Saturday, August 13, 2011
Watermelon and Strawberry Sorbet Two Ways
From the kitchen of One Perfect Bite...Our green markets and farm stands are flooded with waves of local watermelon and strawberries that come from nearby states. I, of course, continue to over-buy, and, even with a house full of company, find myself left with small amounts of each that not much can be done with. Unless, of course, you think sorbet. Sorbet is a frozen dessert made from sweetened water that is flavored with fruit, wine or liqueur. Unlike sherbet, it contains no milk or cream. While I'd like to think the first sorbet was made by a housewife or cook who had a dilemma similar to mine, I can't claim that to be the truth. Oral history, in fable form, credits the Roman Emperor Nero for the creation of sorbet in the 1st century. It's said that runners along the Appian way passed containers of snow, bucket brigade-style, down the mountains to his kitchens where it was mixed with honey and wine to produce a sorbet-like dessert. Culinary historians credit Marco Polo for bringing a similar dessert to Italy from China in the 13th century. They believe sorbet was brought from Italy to France by Catherine de' Medici at the time of her marriage to the Duke of Orleans, who would later become Henry II of France. It was well received and by the end of the 17th century it was served in the streets of Paris and had spread to England. As a matter of fact, Hannah Glasse has a recipe for sorbet in her cookbook, The Art of Cookery Made Plain and Easy. As desserts go, this one is really easy to do. It generally is made with a simple syrup to which a fruit puree is added. It can be made with or without an ice cream maker, and for that reason you'll find two recipes for sorbet below. The combination of watermelon and strawberry makes an especially nice sorbet. Whichever recipe you use, I know you'll be pleased. There is nothing here not to like.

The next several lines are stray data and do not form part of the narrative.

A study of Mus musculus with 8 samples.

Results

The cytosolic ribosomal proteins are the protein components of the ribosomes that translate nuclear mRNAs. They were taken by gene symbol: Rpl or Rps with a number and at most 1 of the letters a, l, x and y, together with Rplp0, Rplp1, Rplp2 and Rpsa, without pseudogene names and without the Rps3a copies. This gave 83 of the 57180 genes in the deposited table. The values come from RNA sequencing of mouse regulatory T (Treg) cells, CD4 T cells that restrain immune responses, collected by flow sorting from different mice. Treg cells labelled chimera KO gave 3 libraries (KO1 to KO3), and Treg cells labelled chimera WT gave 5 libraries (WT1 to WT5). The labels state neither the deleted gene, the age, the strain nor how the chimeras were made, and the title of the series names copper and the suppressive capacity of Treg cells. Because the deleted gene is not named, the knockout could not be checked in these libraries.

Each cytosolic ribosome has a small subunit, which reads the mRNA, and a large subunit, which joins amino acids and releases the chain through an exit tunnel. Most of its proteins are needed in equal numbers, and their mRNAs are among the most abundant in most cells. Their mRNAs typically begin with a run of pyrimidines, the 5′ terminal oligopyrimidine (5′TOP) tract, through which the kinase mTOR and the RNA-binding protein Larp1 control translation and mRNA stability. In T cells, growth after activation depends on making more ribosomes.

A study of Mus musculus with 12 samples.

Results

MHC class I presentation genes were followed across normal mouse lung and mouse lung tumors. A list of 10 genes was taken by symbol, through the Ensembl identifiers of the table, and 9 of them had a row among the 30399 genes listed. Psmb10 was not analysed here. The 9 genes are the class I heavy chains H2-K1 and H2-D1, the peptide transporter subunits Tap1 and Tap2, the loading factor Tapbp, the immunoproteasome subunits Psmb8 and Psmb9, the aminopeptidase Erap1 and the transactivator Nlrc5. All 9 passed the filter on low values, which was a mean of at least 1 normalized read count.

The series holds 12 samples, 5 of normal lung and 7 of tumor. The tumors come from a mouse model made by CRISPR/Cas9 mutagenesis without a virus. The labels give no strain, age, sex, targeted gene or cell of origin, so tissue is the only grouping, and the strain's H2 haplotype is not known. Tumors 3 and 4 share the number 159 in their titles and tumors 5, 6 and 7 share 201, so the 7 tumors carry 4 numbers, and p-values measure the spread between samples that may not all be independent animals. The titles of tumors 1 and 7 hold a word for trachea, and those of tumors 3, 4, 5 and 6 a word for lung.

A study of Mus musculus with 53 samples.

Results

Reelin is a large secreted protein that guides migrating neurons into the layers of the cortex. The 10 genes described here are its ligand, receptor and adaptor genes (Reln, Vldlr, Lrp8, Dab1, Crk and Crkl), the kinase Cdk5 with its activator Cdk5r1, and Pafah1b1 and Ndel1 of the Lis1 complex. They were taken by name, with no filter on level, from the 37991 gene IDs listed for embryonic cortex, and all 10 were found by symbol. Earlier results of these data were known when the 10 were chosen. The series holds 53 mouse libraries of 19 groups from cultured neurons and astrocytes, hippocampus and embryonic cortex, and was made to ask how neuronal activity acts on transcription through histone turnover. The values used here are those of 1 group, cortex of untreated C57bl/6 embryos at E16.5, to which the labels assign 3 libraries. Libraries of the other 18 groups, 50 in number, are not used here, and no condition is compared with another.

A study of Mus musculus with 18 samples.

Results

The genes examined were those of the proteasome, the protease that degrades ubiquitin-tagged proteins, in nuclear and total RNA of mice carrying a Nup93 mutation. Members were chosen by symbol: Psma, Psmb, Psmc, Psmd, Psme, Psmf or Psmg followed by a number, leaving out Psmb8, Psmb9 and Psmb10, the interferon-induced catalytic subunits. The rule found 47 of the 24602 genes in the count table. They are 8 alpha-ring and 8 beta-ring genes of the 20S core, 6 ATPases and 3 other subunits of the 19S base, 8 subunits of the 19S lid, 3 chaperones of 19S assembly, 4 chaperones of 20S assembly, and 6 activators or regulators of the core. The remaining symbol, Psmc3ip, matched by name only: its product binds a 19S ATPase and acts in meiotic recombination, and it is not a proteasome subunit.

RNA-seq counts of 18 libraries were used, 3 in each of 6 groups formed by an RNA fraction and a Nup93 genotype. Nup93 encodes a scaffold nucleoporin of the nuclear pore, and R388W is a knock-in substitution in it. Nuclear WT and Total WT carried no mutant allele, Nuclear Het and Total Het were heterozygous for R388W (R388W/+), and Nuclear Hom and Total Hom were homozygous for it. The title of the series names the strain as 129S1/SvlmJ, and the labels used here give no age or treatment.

Watermelon and Strawberry Sorbet I
1 cup water
1/2 cup sugar
2 cups cubed seedless watermelon
2 cups fresh strawberries, hulled
1 tablespoon minced fresh mint
1) Bring water and sugar to a boil in a small heavy saucepan. Cook, stirring, until sugar dissolves. Remove from heat and allow to cool slightly.
2) Place watermelon, strawberries and sugar syrup in a blender. Cover and process for 2-3 minutes or until smooth. Strain and discard seeds and pulp. Transfer puree to a 13-in. x 9-in. dish. Freeze for 1 hour or until edges begin to firm.
3) Stir in mint. Freeze 2 hours longer or until firm. Just before serving, transfer to a blender; cover and process for 2-3 minutes or until smooth. Yield: 6 servings.
Watermelon and Strawberry Sorbet II...courtesy of John Besh
1 pint strawberries, hulled
1 cup diced, seeded watermelon
1 teaspoon lemon juice
1/2 cup sugar
1) In blender, puree strawberries, watermelon, lemon juice and sugar until smooth. Check that puree has correct amount of sugar. Add more sugar or juice if necessary. How do you know you've added enough? You should be able to float an egg, still in its shell, in the puree.
2) Transfer puree to canister of an ice cream maker and process according to manufacturer's instructions. Keep sorbet in freezer until ready to use. Serves 6.
One Year Ago Today: Breakfast Polenta with Chorizo and Queso Fresco
Two Years Ago Today: Lemon Custard
You might also enjoy these recipes:
Cherry Sherbet - The Pioneer Woman Cooks
Chocolate Sorbet - Wonderfoodland
Berry Basil Sorbet - Former Chef
Pina Colada Sorbet - Gina's Skinny Recipes
Limoncello Mint Sorbet - Culinary Cory
This post is being linked to:
Pink Saturday, sponsored by Beverly at How Sweet the Sound.